By Brian Hamilton
January 14, 2017

LOUISVILLE, Ky. — About 47 minutes remained on the pregame clock Saturday when Harry Giles took his turn in the warmup line, whirled to the rim and elevated. The Duke freshman spiked the ball off the back of the rim and it bounded all the way beyond the three-point line, but the sequence featured the tantalizing violence and suddenness everyone expects from a person who is 6’10”, an immensely coveted recruit and possibly someone’s future No. 1 draft pick. When Giles later floated a sideline jumper over fellow uber-frosh Jayson Tatum, he held his follow through as he skipped off the floor, leaving you to wonder what might come next.

This came next: A perfunctory seven points and six rebounds in 19 minutes logged during the Blue Devils’ sobering 78-69 loss to Louisville. In this sport, one regular-season result can be entirely meaningless and assumptions made in January are often punch lines by March. But here is Duke’s reality on a glum afternoon for the program both inside and outside the Yum! Center: It is Jan. 14 and the Blue Devils have three ACC losses and they must face the prospect that the cavalry may never come. This was a preseason superteam cast as national championship favorites on the basis of a spectacular freshmen class performing spectacularly at some point, and nothing close to that seems close to happening. And unless someone unearths a totem with mystical healing powers from some dark recess of Cameron Indoor Stadium soon, there might be nothing to be done about it.


How long can Duke bear any of its vaunted newcomers being a long ways away? If the aspiration is the Final Four, Harry Giles must be a lot closer than that. If the hope is another title, fellow five-star freshman Marques Bolden has to be more than five-minute, zero-point, zero-rebound, one-foul option off the bench. There’s not as much reason to worry with Tatum, the multifarious 6’8” swingman, who has come back from an October foot sprain setback to average 20 points in his first four ACC outings…but neither can his team sustain many afternoons like Saturday, with 3-for-11 shooting, four fouls, three turnovers and zero assists in 31 minutes. (The one freshman that hasn’t had injury issues, Frank Jackson, has nevertheless shot 4 of 19 in Duke’s three league defeats so far.)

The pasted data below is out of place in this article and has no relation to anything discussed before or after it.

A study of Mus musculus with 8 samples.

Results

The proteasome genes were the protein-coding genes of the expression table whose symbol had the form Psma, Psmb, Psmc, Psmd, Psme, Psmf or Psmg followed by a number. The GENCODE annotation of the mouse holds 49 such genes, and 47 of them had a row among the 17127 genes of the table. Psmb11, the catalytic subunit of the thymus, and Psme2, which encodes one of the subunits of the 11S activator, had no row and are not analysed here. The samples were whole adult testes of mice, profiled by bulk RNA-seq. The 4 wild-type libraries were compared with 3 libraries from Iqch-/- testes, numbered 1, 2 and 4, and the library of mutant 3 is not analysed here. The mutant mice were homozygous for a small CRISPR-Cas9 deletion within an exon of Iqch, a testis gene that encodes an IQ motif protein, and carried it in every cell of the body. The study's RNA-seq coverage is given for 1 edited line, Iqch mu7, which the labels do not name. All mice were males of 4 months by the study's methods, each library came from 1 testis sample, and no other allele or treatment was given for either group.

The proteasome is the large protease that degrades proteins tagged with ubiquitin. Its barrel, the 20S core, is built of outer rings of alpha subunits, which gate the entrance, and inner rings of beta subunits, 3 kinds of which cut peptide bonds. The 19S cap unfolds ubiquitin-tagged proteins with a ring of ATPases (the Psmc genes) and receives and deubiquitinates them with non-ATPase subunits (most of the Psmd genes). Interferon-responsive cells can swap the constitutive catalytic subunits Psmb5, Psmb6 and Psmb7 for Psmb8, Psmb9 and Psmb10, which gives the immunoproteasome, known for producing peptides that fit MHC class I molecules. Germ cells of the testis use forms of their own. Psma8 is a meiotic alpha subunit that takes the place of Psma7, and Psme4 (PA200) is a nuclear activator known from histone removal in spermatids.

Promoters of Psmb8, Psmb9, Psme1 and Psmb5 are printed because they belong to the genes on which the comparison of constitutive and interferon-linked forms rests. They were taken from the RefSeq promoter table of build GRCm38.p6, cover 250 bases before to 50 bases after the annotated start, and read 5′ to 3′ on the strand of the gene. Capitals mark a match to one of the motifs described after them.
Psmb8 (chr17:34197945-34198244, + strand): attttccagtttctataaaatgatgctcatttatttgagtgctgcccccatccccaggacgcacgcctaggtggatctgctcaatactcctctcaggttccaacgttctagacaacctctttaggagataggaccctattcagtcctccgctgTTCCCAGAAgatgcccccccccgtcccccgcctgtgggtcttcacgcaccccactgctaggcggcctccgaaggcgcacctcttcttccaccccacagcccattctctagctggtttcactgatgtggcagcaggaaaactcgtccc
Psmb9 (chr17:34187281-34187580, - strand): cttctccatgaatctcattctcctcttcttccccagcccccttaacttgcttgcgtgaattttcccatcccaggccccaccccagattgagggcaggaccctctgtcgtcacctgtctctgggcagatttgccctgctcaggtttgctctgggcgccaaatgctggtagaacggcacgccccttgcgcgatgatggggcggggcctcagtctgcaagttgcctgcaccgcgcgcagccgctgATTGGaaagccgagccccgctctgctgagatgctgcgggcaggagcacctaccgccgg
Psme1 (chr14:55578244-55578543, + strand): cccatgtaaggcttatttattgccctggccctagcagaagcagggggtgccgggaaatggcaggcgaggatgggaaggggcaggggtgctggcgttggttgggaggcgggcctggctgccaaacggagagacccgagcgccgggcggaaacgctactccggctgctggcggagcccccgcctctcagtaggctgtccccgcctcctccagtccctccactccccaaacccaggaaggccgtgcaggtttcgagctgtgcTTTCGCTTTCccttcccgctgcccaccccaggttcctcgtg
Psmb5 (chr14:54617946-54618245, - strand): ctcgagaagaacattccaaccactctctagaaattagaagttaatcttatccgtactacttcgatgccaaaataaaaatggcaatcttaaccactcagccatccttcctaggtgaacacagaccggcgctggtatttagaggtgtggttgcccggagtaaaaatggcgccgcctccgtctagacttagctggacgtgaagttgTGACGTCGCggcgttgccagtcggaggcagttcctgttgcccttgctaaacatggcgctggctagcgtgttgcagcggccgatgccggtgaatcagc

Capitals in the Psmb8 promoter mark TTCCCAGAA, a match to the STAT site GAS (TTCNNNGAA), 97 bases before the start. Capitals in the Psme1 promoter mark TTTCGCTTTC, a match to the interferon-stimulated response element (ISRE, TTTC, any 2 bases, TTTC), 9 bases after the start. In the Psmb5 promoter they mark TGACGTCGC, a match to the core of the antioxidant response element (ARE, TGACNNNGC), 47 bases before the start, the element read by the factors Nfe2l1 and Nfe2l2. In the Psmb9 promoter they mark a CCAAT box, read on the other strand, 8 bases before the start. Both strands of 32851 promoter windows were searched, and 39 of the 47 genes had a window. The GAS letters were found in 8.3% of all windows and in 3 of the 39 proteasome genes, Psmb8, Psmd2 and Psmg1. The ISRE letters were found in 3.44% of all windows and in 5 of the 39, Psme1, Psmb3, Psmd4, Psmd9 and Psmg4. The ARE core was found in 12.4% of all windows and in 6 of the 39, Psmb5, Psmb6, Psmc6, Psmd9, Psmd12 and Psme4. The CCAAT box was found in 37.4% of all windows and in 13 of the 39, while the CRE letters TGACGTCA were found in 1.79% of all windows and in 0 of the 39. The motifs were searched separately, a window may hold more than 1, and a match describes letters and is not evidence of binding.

Duke’s most reliable inside presence, Amile Jefferson, watched from the sideline in a walking boot, day-to-day in his recovery from a bone bruise. The head coach, Mike Krzyzewski, presumably watched from a comfortable spot in North Carolina as his surgically repaired back continued to heal. Meanwhile, the freshmen that were supposed to complement star veterans and create a juggernaut created another dose of angst. “They’re still not up to speed,” interim coach Jeff Capel said. “Especially Harry, I’m not sure he will be up to speed for us this year. It’s just trying to get them better each day. I thought he showed some improvement today. Same thing with Bolden. Look, we need those guys. We need everyone on our team to play their butts off every day.”

The sound you hear is, perhaps, some inhabitants of Tobacco Road scrounging around for something stronger.


Such is the Blue Devils’ plight that Capel called upon 6’10” freshman Javin DeLaurier for seven minutes on Saturday, ahead of even Bolden in the rotation. DeLaurier’s last game action? Against UNLV. On Dec. 10. “We’re searching for guys right now, especially down there in the paint,” Capel said.

Duke was not a good defensive team entering the NCAA tournament two seasons ago, before it asserted itself on the way to a championship. A similar leap may be required this winter and spring. “It’s learning the ACC game, learning when to go, when not to, learning to play smart, to play without the basketball and talking — that’s a lot of stuff that people don’t write down in their strengths and weaknesses in recruiting profiles,” Allen said. “It’s just stuff that’s part of the game and stuff that’s not seen in the stat sheet. You have to see the game and feel the game better. It’s all about learning. It’s very tough for them to do that when they’ve been set back by injuries and not been able to practice.”


And every game that passes with another nondescript effort from a glamorous recruiting class suggests that what Duke needs may not be what Duke gets in time.

“We have to change things, period,” Capel said. “We have to change it. Being close is not good enough. We have to change this.”

There is less and less season available for it. With a little less than two minutes remaining Saturday, Giles stood at the free-throw line with the Blue Devils’ odds of victory waning, if not extinct. His first attempt clanged off the iron. From the sideline, Capel caught the freshman’s attention. “One motion,” the Blue Devils’ interim coach instructed. “Follow through.” Giles’ next attempt splashed in. Maybe this was a simple moment of fundamental coaching, repeated every night, at any other locale in the country. Maybe there was something to the fact that Duke’s coach is still, in mid-January, in the throes of the ACC gauntlet, doing something as remedial as teaching a star freshman how to hit a foul shot.

“I just gotta do better,” Giles said after the game, addressing his performance in general. “There’s no rush. We got plenty of games left. Plenty of games left.”

He’s right about part of that, anyway.